Cancer patient on trial for growing marijuana hospitalized

2014-07-08T04:30:00Z 2014-07-18T18:05:23Z Cancer patient on trial for growing marijuana hospitalizedBrian Wellner bwellner@qctimes.com The Quad-City Times

Quad-City cancer patient Benton Mackenzie was rushed by paramedics Monday from the Scott County Courthouse, where he is on trial for growing marijuana, to a local hospital.

He was admitted to Trinity Bettendorf so doctors can treat him for anemia and other symptoms, his family says.

Meanwhile, Scott County District Judge Henry Latham dismissed jurors early and asked them to return Tuesday morning in case Mackenzie is well enough to be back in court for the trial, which also involves his wife and son.

The trial of the three was in its fifth day Monday. After the prosecutor rested his case last week, the Mackenzies' legal team was expected to begin theirs Monday morning.

Benton Mackenzie has said he wants to take the stand in his defense, even though a judge's ruling won't allow him to tell jurors he grew marijuana in order to treat his terminal cancer. The 48-year-old suffers angiosarcoma and shared his story with the Quad-City Times in September.

His family said his health took a "turn for the worse" over the weekend, and Monday morning, Mackenzie appeared in court lying down on a courtroom bench wrapped in a blanket, complaining of hallucinations and feeling excruciating pain.

The jury never entered the courtroom Monday. The judge said he didn't want jurors to see Mackenzie in this state.

"I am not going to have a jury come in and see Mr. Mackenzie laying on the front pew of the courtroom," Latham said.

His family decided he needed emergency medical attention. Shortly after 11 a.m., paramedics arrived at the courthouse and took Mackenzie to the hospital.

"I hope his attending physicians are aware he is presently on trial and his presence is needed at the trial," Latham said after reconvening with attorneys and the co-defendants.

About 1 p.m., after speaking with emergency room physicians, Loretta Mackenzie said her husband is "too unstable to return to court today."

About 1:30 p.m., defense attorney Joel Walker handed a doctor's note to Latham. He said doctors discovered that Mackenzie's potassium and hemoglobin levels were low and that he was expected to undergo a four-hour blood transfusion later in the day to improve those levels.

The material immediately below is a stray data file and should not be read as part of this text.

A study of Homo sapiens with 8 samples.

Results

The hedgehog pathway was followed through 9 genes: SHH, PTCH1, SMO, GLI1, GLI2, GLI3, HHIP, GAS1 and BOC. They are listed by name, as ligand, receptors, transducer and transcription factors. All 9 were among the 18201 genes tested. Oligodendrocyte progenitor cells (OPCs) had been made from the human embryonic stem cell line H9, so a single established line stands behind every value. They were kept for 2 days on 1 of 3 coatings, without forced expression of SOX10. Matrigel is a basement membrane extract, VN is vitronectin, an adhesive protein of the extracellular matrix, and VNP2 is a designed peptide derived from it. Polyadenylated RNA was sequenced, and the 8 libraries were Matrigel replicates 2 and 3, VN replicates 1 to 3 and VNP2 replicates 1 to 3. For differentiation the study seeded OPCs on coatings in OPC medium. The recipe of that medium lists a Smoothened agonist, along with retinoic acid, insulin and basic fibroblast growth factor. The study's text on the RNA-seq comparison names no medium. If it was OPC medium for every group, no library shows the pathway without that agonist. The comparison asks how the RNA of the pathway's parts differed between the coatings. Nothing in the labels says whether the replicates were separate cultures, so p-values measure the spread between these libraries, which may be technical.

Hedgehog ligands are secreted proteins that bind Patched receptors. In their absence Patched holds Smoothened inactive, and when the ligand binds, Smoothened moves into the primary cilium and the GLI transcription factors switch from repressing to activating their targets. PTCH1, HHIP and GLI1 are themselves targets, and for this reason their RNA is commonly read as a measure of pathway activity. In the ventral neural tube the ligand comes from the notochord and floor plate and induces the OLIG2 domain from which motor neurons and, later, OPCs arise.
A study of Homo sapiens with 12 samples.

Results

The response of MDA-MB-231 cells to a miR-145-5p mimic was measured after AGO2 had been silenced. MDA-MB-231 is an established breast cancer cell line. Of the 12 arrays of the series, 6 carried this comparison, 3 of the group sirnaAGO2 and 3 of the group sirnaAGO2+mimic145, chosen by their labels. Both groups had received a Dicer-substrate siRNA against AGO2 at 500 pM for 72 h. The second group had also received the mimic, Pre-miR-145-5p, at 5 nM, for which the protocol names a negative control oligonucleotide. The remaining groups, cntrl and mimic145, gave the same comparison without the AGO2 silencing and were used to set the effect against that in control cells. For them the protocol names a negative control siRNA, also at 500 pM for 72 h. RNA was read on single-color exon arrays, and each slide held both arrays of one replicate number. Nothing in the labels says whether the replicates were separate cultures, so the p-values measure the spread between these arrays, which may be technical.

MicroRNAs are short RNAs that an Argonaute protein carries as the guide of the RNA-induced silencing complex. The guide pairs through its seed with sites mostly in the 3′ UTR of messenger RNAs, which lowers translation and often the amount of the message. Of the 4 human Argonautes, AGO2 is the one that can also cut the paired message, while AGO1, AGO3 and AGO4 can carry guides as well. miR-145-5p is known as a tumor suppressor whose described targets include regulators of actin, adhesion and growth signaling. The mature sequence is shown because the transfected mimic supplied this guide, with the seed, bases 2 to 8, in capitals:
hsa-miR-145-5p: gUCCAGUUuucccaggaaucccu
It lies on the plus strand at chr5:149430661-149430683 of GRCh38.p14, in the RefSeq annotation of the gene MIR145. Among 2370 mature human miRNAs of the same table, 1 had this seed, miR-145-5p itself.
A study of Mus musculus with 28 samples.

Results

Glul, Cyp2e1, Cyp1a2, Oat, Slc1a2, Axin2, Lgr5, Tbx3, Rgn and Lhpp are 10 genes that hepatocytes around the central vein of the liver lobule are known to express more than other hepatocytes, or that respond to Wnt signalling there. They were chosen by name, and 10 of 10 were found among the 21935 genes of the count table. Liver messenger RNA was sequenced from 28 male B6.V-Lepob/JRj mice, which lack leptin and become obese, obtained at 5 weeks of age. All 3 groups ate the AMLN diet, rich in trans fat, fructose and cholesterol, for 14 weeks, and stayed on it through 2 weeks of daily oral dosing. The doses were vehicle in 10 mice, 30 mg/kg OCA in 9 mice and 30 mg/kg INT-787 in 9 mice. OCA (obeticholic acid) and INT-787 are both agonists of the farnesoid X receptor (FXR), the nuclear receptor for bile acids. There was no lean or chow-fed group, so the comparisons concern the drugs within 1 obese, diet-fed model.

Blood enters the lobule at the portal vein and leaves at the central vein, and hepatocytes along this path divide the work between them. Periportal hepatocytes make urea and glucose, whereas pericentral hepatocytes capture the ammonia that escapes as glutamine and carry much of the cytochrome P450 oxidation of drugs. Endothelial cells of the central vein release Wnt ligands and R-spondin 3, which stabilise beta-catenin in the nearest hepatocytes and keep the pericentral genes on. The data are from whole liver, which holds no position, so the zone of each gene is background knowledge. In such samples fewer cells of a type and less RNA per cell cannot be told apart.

Doctors were expected to monitor potassium and hemoglobin levels overnight and decide by Tuesday morning whether to discharge Mackenzie, his family said.

Walker said he hopes to know by Tuesday morning whether Mackenzie can return to the courthouse. If not, Walker may consider a motion for a mistrial.

Latham said that if a mistrial is declared for Benton Mackenzie, the cases against Loretta Mackenzie and their son, Cody, likely will continue.

The couple is being tried in a conspiracy to grow marijuana at their Long Grove home after Scott County Sheriff's deputies seized 71 plants last summer. Deputies say they also found marijuana in Cody Mackenzie's bedroom, and the 22-year-old is being charged with misdemeanor possession.

Deputies testified last week the plants were found in a recreational vehicle next to the house that is registered to the mother of Stephen Bloomer, 49, of Davenport, a longtime friend of Benton Mackenzie.

Bloomer pleaded guilty to a Class D felony drug charge at the start of the trial. The prosecutor did not call him to testify.

Benton Mackenzie said he needed the plants to create enough cannabis oil to treat his cancer. He said his wife did not take part in the growing of marijuana.

Loretta Mackenzie spoke of the stress she felt as Monday's events unfolded.

"I'm a little unsure what's going to happen today," she said after returning to court from the hospital. "I'm not even thinking how this trial might proceed. I'm totally thinking about Ben."